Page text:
For the first time since announcing his resignation from HISD, soon-to-be former superintendent Richard Carranza spoke with KHOU 11 News about his reasons for packing up and heading to take over New York City Public Schools.
“I am truly not dissatisfied with Houston or Houston ISD,” Carranza said.
Carranza will become chancellor of NYC’s public school system. He says the decision wasn’t easy.
“For me, that’s just an opportunity we just don’t too many times in a lifetime,” Carranza said. “I’m not running from anything in HISD.”
Carranza’s departure comes right when the district needs real leadership. Schools are in danger of closing, the community continues to recover from Hurricane Harvey and the district is facing a gaping $115 million budget shortfall. All of those issues were on Carranza’s plate and now will be the responsibility of HISD’s next superintendent.
“I’m honored that people are paying so much attention to the fact that I’m leaving,” Carranza said. “It just shows they believed we were doing something and moving it forward.”
Carranza is leaving after only 18 months on the job.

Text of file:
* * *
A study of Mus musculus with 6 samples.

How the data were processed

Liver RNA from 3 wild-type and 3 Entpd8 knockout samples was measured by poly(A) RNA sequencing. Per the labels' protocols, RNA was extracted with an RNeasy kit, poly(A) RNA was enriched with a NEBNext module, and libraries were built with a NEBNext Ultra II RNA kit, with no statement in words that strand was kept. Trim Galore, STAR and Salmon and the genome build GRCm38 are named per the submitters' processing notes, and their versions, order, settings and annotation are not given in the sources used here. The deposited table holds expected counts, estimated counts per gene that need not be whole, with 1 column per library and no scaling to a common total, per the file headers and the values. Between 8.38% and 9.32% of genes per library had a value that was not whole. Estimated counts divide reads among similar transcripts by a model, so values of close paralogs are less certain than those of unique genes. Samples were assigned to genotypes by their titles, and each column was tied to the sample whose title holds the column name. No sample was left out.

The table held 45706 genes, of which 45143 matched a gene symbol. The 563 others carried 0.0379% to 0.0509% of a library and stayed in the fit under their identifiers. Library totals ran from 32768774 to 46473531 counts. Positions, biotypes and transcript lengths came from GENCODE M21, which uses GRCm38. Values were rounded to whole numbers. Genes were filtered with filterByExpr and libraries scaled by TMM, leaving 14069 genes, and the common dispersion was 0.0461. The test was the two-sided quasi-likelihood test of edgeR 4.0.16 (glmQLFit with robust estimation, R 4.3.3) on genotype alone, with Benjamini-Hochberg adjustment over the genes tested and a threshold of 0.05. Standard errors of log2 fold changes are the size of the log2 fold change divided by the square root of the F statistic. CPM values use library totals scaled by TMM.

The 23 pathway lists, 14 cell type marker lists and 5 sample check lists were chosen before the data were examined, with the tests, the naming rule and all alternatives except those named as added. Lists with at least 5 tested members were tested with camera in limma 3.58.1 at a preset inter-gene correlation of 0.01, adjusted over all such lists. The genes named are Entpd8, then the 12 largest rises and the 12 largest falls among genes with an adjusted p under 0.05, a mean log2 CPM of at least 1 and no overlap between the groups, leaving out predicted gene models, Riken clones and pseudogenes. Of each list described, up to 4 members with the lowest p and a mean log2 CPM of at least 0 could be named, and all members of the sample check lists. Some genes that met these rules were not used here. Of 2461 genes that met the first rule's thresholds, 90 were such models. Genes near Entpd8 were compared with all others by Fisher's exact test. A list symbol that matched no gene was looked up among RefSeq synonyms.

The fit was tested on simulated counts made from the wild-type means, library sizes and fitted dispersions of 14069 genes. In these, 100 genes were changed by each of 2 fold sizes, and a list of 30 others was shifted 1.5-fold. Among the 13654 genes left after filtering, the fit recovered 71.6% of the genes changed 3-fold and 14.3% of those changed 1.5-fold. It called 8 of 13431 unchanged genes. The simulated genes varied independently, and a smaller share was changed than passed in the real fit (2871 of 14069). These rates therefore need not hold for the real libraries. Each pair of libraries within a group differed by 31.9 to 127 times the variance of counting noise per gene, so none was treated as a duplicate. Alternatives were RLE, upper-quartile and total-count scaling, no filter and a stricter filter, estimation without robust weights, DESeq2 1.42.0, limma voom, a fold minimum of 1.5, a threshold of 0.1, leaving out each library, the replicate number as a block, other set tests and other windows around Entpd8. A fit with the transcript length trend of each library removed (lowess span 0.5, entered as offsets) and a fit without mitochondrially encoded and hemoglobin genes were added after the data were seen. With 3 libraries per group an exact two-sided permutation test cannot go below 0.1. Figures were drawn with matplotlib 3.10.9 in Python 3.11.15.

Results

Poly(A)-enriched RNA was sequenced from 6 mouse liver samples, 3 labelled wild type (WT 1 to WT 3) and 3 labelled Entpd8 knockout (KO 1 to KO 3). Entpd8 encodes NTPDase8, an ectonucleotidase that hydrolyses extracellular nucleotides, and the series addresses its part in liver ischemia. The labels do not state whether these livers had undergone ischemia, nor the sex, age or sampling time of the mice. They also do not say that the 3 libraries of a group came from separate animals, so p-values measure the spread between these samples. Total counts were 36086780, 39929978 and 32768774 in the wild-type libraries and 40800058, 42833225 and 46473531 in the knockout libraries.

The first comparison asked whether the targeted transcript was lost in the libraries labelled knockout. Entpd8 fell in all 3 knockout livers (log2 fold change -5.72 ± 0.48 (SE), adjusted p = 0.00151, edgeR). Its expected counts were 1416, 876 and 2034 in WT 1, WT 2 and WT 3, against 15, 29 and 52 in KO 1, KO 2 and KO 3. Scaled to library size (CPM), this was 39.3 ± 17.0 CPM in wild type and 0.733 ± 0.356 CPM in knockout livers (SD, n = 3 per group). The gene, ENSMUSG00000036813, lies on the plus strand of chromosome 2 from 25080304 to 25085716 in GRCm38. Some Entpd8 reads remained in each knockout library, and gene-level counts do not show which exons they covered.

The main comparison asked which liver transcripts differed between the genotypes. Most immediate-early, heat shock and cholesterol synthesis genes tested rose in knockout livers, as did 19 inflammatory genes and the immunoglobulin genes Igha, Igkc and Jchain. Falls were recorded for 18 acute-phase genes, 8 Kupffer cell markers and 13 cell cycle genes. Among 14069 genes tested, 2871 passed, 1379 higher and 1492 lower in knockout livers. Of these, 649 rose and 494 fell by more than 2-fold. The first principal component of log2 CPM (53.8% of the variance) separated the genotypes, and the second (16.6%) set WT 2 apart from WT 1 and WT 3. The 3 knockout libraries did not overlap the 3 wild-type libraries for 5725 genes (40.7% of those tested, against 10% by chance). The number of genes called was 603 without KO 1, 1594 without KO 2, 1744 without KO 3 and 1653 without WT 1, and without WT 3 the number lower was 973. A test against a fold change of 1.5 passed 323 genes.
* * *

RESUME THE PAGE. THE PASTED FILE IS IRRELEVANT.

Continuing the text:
“I was out of here in 16 months,” Carranza said. “I have a contract that’s up in 16 months. And there was no indication that it was going to be extended. I have a family and responsibilities as well.”
But it’s not the fact he’s leaving. It’s how he did that that’s ruffled feathers.
“Whenever there’s a change in leadership there will be angst,” Carranza said.
Mayor Sylvester Turner says he got a call Monday shortly before a press conference in New York City.
“Would I have preferred more notice? Yes,” Turner said. “The superintendent was in my office last week, and he didn’t mention to me that he was leaving, and we were discussing HISD.”
Carranza tells KHOU he has no regrets and is proud of his record at HISD.
“There’s been a lot of good work done in HISD,” Carranza said. “We’ve brought a culture where people understand we mean what we say.”
But to critics, his abrupt resignation mid-contract would contradict that. Carranza wants the community to know he has faith in HISD and its future well after he’s gone.
“I’m optimistic about what will happen with Houston,” Carranza said.
Carranza says he starts his new post in NYC in April. Meanwhile, the HISD Board is scheduled to meet tomorrow behind closed doors to discuss next steps in the search for his replacement.